Good News for Bad Ankles

What you need to know about ankle replacement and one man's intense journey to get back on the golf course.

An x-xray of an ankle.
© Wright Medical Technology


For the nearly 50,000 Americans seeking relief each 
year for debilitating bone-on-bone ankle pain and disability, there’s good news. Recent advances in arguably the 
most intriguing area of orthopedic surgery—total ankle replacement—are making strides in restoring mobility and quality of life to patients.

Today, four total ankle replacements are used in the U.S.: the Agility, the Inbone, the Salto Talaris Anatomic Ankle, and the Scandinavian Total Ankle Replacement (STAR).

“The technology is light years ahead of where it was a decade ago,” says Dr. Robert Anderson, an orthopedic surgeon in Charlotte, North Carolina, who performed more than 40 Inbone procedures in the past two years and is part of a design team working on a second-generation device.

Hi-tech artificial ankles provide a new alternative to surgery, which permanently fuses worn-out joints. That procedure reduces ankle pain but often limits mobility, causes a limp, and can lead to arthritis in nearby foot joints. An estimated 25,000 Americans underwent ankle fusions in 2009; others considered even more drastic measures.

Reasons for needing an ankle replacement include wear-and-tear over time, accidents, sports injuries, and bone diseases that lead to severe and life-limiting arthritis.

Four years ago, Jeanne St. John’s ankle problems led her to the brink of a difficult decision.

“I was born with deformed ankles and, eventually, was 
so immobilized by arthritis that I considered a double amputation,” recalls St. John, who lives in Oregon. “Then a friend heard about the Inbone. It’s been life-changing for me.”

As with hip and knee replacements, the history of total ankles dates back to the 1970s. Healthy ankles can withstand 1.5 times one’s body weight while walking, but early devices didn’t hold up. Then, Dr. Mark Reiley—who performed St. John’s surgeries in the San Francisco Bay Area—devised a new way to replace the complex joint.

“Dr. Reiley took the proven technology of knee replacements and basically flipped it upside down to be used in the ankle,” Dr. Anderson describes. “The device, now called the Inbone, has very good mechanical advantages and can be used for primary replacements, as well as revisions of failed or previously placed devices. We believe it will be successful 
for a long time.”

Orthopedic surgeons select the specific ankle replacements depending on patient age, anatomy, bone quality, and goals. Long-term success rates on Inbone are not yet available; European data show that 85 percent of modified Salto and STAR devices are functioning well after 10 years.

But Jeanne St. John, now age 67, prefers to focus on how far her new ankles take her.

“I think in terms of steps rather than years,” she says. “I save my steps for selected activities and for travel. Some of my friends are slowing down, but I have this ‘reverse aging’ thing going on, and I’m so thankful.”

Back on the Green

Intense ankle pain eventually trumped dogged determination, says Pennsylvania golf course superintendent Timothy McAvoy, who shares his story about ankle replacement with the Post.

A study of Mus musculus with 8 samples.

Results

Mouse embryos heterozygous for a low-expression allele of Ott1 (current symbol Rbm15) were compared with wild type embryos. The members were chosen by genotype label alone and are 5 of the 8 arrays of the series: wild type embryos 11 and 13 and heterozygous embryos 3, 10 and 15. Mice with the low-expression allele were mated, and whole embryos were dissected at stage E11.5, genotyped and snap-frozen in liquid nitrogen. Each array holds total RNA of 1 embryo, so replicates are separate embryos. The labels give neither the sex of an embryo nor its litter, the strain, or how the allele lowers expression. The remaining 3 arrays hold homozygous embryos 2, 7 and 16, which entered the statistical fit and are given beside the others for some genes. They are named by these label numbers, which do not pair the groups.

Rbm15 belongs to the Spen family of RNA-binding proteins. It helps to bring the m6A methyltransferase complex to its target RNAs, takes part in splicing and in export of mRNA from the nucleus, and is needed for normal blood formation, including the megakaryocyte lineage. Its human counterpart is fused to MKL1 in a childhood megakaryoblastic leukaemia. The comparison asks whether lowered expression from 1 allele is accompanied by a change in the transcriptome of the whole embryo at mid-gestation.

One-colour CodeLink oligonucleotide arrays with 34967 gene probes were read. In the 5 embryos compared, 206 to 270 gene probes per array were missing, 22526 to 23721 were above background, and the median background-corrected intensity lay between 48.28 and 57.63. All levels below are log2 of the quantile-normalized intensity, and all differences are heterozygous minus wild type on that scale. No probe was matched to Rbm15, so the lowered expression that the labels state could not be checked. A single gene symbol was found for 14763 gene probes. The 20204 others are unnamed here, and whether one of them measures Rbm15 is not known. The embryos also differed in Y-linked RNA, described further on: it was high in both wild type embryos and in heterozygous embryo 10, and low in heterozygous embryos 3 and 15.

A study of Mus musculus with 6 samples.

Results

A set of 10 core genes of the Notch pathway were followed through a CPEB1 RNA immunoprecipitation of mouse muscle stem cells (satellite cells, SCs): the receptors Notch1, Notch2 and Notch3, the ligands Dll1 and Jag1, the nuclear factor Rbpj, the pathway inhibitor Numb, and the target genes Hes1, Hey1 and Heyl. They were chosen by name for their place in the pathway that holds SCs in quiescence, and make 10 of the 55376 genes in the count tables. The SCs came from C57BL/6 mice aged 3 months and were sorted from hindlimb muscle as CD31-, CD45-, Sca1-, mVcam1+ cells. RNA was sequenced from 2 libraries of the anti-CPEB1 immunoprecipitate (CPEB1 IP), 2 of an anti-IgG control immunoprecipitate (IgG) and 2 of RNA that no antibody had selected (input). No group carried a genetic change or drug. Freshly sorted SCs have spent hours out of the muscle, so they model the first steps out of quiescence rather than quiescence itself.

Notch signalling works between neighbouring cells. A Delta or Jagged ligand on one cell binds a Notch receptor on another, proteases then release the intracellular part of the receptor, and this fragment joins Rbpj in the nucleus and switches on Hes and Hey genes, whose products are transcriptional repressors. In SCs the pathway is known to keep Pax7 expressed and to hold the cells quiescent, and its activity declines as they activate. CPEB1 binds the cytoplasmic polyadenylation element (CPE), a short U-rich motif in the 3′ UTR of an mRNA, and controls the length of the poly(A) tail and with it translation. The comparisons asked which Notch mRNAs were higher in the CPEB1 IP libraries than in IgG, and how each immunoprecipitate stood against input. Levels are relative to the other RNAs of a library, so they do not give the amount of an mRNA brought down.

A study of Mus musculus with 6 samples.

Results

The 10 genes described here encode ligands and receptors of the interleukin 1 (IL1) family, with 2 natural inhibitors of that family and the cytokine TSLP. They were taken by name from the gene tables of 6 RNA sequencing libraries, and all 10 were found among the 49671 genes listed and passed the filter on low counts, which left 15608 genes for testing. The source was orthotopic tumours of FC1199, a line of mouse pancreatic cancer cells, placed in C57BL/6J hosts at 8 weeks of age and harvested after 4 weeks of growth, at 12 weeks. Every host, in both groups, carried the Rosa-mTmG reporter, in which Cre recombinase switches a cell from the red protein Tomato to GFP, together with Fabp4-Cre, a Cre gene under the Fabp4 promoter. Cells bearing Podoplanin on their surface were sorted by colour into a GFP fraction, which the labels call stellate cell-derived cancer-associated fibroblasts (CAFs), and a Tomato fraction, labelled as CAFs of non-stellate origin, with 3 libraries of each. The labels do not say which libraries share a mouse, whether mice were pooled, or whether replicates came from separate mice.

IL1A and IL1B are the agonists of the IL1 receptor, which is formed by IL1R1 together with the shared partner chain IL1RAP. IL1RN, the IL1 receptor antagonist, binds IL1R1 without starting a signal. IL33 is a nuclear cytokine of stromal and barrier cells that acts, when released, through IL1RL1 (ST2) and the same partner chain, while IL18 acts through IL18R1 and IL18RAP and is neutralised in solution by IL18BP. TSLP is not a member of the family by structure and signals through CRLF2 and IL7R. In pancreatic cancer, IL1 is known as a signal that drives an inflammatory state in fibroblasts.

Post: What initially happened to your ankle, and when did you have replacement surgery?

McAvoy: The first of many injuries to my right ankle occurred when I was a 16-year-old high school basketball player. Thinking back, we wore very ill-fitting sneakers and re-injury was common. I just sucked it up and kept plugging along. Eventually, however, it was hard to even walk to the kitchen. I had ankle replacement surgery in April 2008.

Post: What was life like after the initial injury?

McAvoy: I actually went to college on a golf scholarship. After graduation, I coached basketball and tried to run for about 20 years. My approach to running was: adapt and overcome. I would hit the ground with my left leg and then the toes of my right leg. In my 40s, a doctor pointed out that my left calf was almost 2 full inches larger than my right calf. I was basically dragging my right leg.

Post: Did problems develop inside your ankle joint?

McAvoy: Absolutely. I had severe osteoarthritis, and the surrounding ligaments were no longer able to protect the joint. I would step on a stone and fall down. And as I got older, new bone tissue grew over the top of the joint and basically eliminated all ankle movement.

Post: How did you hear about ankle replacement surgery?

McAvoy: In 2005, I had ankle surgery at Coordinated Health (CH) in Lehigh Valley to shave away excess bone and create space within the joint. It helped for a while, but then the bone grew back, and doctors said my only option was ankle fusion. In 2008, I went back to CH for an ingrown toenail and saw 
Dr. Stephen Brigido. He asked about my ankle and said he could help me with a new technology called the Inbone ankle replacement. I believed him, and we scheduled the surgery.

Post: How has your life changed?

McAvoy: My quality of life is greatly improved because of the implant and Dr. Brigido. I walk normally—and without the pain and noticeable limp that I had for many years. I don’t run, but I walk three to five miles a day with my Border collie. I’m also able to walk on a golf course, and my game has improved because I can push off better from my right side.